Fincham, Michael W. 2011. UM-SG-DV-2011-01. $24.95.
Michael W. Fincham producer/director; Jack Greer and Dan Terlizzi, executive producers. 2008. UM-SG-DV-2008-03. $7.50.
Green crabs from the Baltic Sea. Zebra mussels and rapa whelks from the Black Sea. Seagrasses from Japan. Clams from Korea. Dozens of alien species are infiltrating hundreds of American harbors, bays, and rivers. Do these invaders pose a threat to the Chesapeake Bay and its complex ecosystem?
Fincham, Michael W., producer/director; Jack Greer and Dan Terlizzi, executive producers. 2008. UM-SG-DV-2008-04. $5.00.
9 minutes, DVD. Arriving in the Great Lakes in the ballast of a ship, the tiny zebra mussel soon spread down the Mississippi River to New Orleans. This film describes zebra mussels in the U.S. and details the steps that boaters can take to prevent their further spread.
Fincham, Michael, writer/producer. 2008. UM-SG-DV-2008-01. $10.00.
Produced in 1994; released on DVD in 2008. 30 minutes. Follows a handful of crusading fishermen who work to spread the gospel of catch and release among all those recreational fishermen who go out casting and trolling and chumming for fish in our inshore and offshore coastal waters.
Fincham, Michael, writer/producer. 2008. UM-SG-DV-2008-02. $14.95.
Produced in 1990; released on DVD in 2008. 20 minutes. Keeping score is a big part of sports. But for sport fishing we need a new scorecard, says Lefty Kreh, a writer and fly fisherman extraordinaire. The best way to score is to release fish back into the bay. Lefty demonstrates the tools and techniques for catching and releasing striped bass and bluefish.
Lloyd, Robin, Producer; Coordinating Producer, Susan Jacobson; Executive Producer, Michael English. 2003. Produced by Maryland Public Television and the Chesapeake Bay Program's Scientific and Technical Advisory Committee (STAC). Distributed by special arrangement through Maryland Sea Grant. 2007. UM-SG-DP-2007-01. $10.00.
Produced in 2003; released on DVD in 2007. 27 minutes. This documentary begins with an evocation of the Bay as it was in the past and then questions what it could be in the future. Drawing on the innovative Chesapeake Futures report, the video describes different scenarios for the Bay in the year 2030, depending on what choices we make in the first decades of the 21st century.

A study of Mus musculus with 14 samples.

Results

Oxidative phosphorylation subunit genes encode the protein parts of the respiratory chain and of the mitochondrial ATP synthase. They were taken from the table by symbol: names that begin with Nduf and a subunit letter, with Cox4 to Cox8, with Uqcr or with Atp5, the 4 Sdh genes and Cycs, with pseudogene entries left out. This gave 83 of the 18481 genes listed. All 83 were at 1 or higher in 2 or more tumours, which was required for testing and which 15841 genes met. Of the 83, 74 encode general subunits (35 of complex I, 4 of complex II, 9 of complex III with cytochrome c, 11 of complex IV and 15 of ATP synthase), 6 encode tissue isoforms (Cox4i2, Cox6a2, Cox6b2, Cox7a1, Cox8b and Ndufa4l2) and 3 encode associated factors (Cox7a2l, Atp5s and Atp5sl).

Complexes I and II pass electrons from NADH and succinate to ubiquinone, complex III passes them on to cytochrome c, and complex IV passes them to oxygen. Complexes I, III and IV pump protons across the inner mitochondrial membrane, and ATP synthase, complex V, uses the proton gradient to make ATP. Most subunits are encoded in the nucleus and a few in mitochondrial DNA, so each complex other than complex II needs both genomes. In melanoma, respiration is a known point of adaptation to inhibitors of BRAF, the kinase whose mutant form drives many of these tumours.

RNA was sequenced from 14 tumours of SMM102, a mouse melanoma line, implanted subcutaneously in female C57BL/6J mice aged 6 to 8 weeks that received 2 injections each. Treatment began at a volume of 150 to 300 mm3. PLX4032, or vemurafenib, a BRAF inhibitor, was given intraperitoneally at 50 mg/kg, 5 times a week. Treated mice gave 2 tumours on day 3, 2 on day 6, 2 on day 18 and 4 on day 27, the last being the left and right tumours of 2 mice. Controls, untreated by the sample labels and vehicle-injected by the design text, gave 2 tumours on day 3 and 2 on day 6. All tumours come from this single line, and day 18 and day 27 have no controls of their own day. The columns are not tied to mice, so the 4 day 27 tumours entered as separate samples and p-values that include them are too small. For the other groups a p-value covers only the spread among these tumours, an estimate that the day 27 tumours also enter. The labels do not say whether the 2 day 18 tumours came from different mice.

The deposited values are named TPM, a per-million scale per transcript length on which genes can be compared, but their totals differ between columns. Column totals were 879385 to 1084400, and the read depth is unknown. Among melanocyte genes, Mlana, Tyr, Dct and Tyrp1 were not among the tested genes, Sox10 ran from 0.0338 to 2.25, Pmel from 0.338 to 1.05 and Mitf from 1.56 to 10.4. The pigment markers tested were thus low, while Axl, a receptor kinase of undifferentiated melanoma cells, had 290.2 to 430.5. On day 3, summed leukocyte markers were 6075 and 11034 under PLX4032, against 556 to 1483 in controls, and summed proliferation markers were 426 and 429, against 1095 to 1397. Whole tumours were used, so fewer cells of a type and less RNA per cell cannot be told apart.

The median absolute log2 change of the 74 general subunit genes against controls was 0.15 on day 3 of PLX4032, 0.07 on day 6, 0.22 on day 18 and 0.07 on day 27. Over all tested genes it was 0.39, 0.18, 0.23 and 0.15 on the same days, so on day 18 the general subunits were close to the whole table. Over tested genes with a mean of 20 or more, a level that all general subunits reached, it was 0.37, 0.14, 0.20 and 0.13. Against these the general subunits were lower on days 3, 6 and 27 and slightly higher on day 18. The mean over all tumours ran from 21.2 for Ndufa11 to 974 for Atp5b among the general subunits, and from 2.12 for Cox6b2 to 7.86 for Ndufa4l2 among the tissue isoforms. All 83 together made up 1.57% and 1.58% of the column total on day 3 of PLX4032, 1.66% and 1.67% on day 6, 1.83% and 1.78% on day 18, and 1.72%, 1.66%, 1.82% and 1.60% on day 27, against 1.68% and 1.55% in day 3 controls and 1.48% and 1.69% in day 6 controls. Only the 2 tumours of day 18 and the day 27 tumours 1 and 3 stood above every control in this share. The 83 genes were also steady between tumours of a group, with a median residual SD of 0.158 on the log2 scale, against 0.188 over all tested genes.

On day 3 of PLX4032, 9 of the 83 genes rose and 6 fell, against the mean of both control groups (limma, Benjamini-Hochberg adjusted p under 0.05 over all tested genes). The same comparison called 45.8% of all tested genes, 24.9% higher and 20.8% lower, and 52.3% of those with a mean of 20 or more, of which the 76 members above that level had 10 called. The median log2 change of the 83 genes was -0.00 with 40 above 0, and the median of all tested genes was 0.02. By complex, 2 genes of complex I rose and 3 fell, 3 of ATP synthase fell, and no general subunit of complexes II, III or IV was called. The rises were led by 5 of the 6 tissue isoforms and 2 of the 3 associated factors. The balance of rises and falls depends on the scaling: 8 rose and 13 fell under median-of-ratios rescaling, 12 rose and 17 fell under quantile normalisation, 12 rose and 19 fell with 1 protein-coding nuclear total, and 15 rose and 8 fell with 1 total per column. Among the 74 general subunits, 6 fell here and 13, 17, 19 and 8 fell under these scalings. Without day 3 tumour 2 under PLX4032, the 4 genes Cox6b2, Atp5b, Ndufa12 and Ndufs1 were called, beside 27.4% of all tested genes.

Fincham, Michael, writer/producer. 2007. UM-SG-DV-2007-02. $24.95.
Produced in 1985; released on DVD in 2007. 39 minutes. Still informative and relevant today, this environmental mystery story investigates what was killing the seagrasses here in the Chesapeake Bay, the country's largest and richest estuary. A dozen species were disappearing, and when scientists began to search they came up with some unexpected answers that changed our understanding of the Chesapeake.
Fincham, Michael W. and Maryland Public Television, co-producers. 2007. UM-SG-DV-2007-01. $24.95.
Produced in 2001; released on DVD in 2007. 59 minutes. When watermen find wounded fish along a lonely river in Maryland, they kick off a scientific debate and an environmental crisis. A mysterious microbe might -- or might not -- be causing sick fish and sick people. The results: panic, a crackdown on farmers, and $40 million in lost sales for the seafood and tourism industries.
Fincham, Michael, writer/producer. 2007. UM-SG-DV-2007-03. $24.95.
Produced in 1991; released on DVD in 2007. 58 minutes. Watershed captures the early days of the campaign to clean up Chesapeake Bay. Here, telling the story in their own words, are some of the early voices -- the citizens and scientists, the politicians, farmers, and fishermen who spoke up and went to work to save the Bay.
Fincham, Michael W., producer/director and Jack Greer, producer. 2005. UM-SG-DV-2005-01. $24.95.
Produced in 1997; released on DVD in 2005. 30 minutes. An environmental mystery story that follows the work of scientists specializing in invasion ecology. Dozens of alien species are infiltrating hundreds of American harbors, bays, and estuaries. Green crabs, zebra mussels, toxic dinoflagellates, and dozens of other aliens are altering the ecology and commercial fisheries of our coastal ecosystems.